A Guide for Assisted Living - Designing Living Spaces for the Elderly and Vulnerable

A Guide for Assisted Living: Designing Living Spaces for the Elderly and Vulnerable

With life expectancy rising, people will spend longer periods of their life in their own home and therefore need the best design and technology solutions that help them maintain their independence, lifestyle and dignity. Home alterations such as widening doorways and providing sufficient space to manouvre a wheelchair or zimmer frame are standard, but what does the future of designing for the elderly and vulnerable hold? And how should the individual needs of a client be assessed?

The Royal Institute of British Architects (RIBA) and the BRE launched guidance for architects and other built environment professionals involved in the design and adaptation of residences that meet the needs of the elderly and the chronically ill, to enable them to live active, independent and dignified lives.

The RIBA/BRE report, A Guide for Assisted Living, demonstrates how intuitive design and assistive technology can improve the quality of life, wellbeing and autonomy of individuals, and be delivered in effective, scalable and affordable ways.

The guide details key design requirements such as:

- Facilitating access and entry to the home through the provision of distinctive visual landmarks in external spaces, such as trees, coloured or scented plants, and the use of contrasting materials and colours on the entrance door.
- Facilitating access and entry to the home through the provision of distinctive visual landmarks in external spaces, such as trees, coloured or scented plants, and the use of contrasting materials and colours on the entrance door.
- Ironmongery that is comfortable and effortless in operation, particularly door handles and locks which should also be consistent throughout the property.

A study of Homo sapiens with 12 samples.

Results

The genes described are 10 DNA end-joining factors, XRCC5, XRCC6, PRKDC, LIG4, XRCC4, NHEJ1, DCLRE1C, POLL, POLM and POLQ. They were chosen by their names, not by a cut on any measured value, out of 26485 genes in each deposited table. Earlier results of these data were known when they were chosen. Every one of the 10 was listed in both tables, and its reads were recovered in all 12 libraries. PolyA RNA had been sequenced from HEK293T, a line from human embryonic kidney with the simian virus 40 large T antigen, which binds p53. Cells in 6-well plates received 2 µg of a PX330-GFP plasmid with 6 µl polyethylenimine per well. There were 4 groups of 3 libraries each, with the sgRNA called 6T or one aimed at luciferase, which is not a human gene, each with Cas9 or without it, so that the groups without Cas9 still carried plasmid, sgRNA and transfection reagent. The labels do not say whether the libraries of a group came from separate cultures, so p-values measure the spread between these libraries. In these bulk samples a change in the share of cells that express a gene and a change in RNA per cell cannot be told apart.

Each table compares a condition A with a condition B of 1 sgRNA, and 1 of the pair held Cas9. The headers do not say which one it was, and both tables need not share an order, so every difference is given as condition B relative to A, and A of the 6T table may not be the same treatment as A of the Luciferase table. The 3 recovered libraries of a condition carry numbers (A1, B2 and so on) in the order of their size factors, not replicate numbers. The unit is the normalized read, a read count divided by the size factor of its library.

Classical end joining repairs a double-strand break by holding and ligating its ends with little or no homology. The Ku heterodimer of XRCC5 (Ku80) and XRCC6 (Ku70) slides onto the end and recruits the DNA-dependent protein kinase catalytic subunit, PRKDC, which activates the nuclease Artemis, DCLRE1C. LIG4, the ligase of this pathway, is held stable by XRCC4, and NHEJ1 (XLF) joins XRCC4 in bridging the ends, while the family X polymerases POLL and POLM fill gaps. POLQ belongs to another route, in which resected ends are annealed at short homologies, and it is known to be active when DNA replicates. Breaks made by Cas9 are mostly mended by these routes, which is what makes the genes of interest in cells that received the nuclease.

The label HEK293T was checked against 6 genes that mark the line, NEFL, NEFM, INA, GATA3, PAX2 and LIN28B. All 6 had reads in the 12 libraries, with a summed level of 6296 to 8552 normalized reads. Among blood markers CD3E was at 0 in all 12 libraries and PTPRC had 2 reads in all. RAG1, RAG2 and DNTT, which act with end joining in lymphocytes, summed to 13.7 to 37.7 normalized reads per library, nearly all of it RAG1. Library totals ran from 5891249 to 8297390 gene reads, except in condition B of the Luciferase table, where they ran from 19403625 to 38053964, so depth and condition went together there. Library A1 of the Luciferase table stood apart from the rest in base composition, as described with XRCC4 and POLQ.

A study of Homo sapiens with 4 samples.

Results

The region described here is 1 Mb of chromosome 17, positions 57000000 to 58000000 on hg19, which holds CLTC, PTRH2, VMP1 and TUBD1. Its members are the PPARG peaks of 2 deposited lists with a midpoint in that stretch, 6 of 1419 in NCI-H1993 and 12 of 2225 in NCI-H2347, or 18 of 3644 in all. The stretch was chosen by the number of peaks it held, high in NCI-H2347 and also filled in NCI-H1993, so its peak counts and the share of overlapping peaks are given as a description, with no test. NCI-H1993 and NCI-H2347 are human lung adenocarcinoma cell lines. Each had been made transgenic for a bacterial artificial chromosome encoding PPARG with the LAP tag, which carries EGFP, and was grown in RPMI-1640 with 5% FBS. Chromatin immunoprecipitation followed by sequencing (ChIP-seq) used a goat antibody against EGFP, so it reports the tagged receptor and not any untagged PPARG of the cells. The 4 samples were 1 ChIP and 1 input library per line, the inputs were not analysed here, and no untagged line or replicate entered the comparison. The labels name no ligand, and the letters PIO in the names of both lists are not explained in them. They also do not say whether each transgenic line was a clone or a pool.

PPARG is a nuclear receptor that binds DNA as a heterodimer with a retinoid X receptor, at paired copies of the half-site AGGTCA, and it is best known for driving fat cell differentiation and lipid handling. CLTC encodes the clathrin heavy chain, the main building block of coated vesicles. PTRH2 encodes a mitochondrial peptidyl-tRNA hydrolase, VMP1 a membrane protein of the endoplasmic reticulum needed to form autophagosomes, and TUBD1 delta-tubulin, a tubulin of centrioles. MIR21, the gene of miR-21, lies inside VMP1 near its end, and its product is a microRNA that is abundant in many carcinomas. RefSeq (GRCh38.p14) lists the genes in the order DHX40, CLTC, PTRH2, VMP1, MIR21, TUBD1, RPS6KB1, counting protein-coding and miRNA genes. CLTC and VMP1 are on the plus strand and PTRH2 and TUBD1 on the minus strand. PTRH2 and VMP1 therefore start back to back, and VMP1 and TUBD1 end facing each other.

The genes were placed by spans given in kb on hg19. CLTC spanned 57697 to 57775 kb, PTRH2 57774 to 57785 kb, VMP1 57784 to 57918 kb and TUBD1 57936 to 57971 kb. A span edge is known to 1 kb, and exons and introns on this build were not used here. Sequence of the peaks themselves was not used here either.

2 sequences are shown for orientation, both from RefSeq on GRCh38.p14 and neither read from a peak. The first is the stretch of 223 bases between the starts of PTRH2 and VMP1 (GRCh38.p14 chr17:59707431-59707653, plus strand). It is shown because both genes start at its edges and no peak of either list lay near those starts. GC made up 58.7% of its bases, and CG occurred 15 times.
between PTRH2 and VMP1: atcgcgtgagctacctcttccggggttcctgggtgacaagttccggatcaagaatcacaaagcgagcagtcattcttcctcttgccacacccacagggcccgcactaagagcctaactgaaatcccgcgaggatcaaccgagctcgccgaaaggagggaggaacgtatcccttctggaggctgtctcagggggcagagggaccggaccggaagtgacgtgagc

- Smooth, even and non-slip surfaces throughout the home.
- Adequate space for efficient circulation routes.
- Easily accessible plug sockets and light switches, particularly those that are located at the top and bottom of stairs.

New and future technologies are highlighted, including the use of flooring sensors that raise an alarm when movement is not detected or if a person has fallen, and intelligent toilets that can analyse waste materials and send data reports directly to an individual's doctor.

The document also sets out a briefing process for the designer to accrue the client's specific needs, for example if a person spends a considerable amount of time in their bed, the following aspects could be considered:

- Can the occupant see who is at the front door when the bell rings?
- Is it possible to turn on a pivot screen television whilst lying in bed?
- Can a laptop be used in bed comfortably?
- Can the person open and close the windows?
- Is it possible to eat comfortably in bed?
- Can the lighting be adapted to the occupant's reading habits?

"Good design has a vital role to play in helping elderly and vulnerable people live dignified and independent lives, and supporting the capacity and effectiveness of professional care providers to meet the needs of those they are looking after," said RIBA President Ruth Reed. "The UK's population is ageing rapidly; one third of Britons are expected to reach age 60 or over in twenty years' time and this will demand a new way of delivering care efficiently. If people are to be supported to remain in their homes for as long as possible, then adapting the physical environment and the way in which it is designed to meet the needs of people with different levels of mobility and capability throughout their life is essential."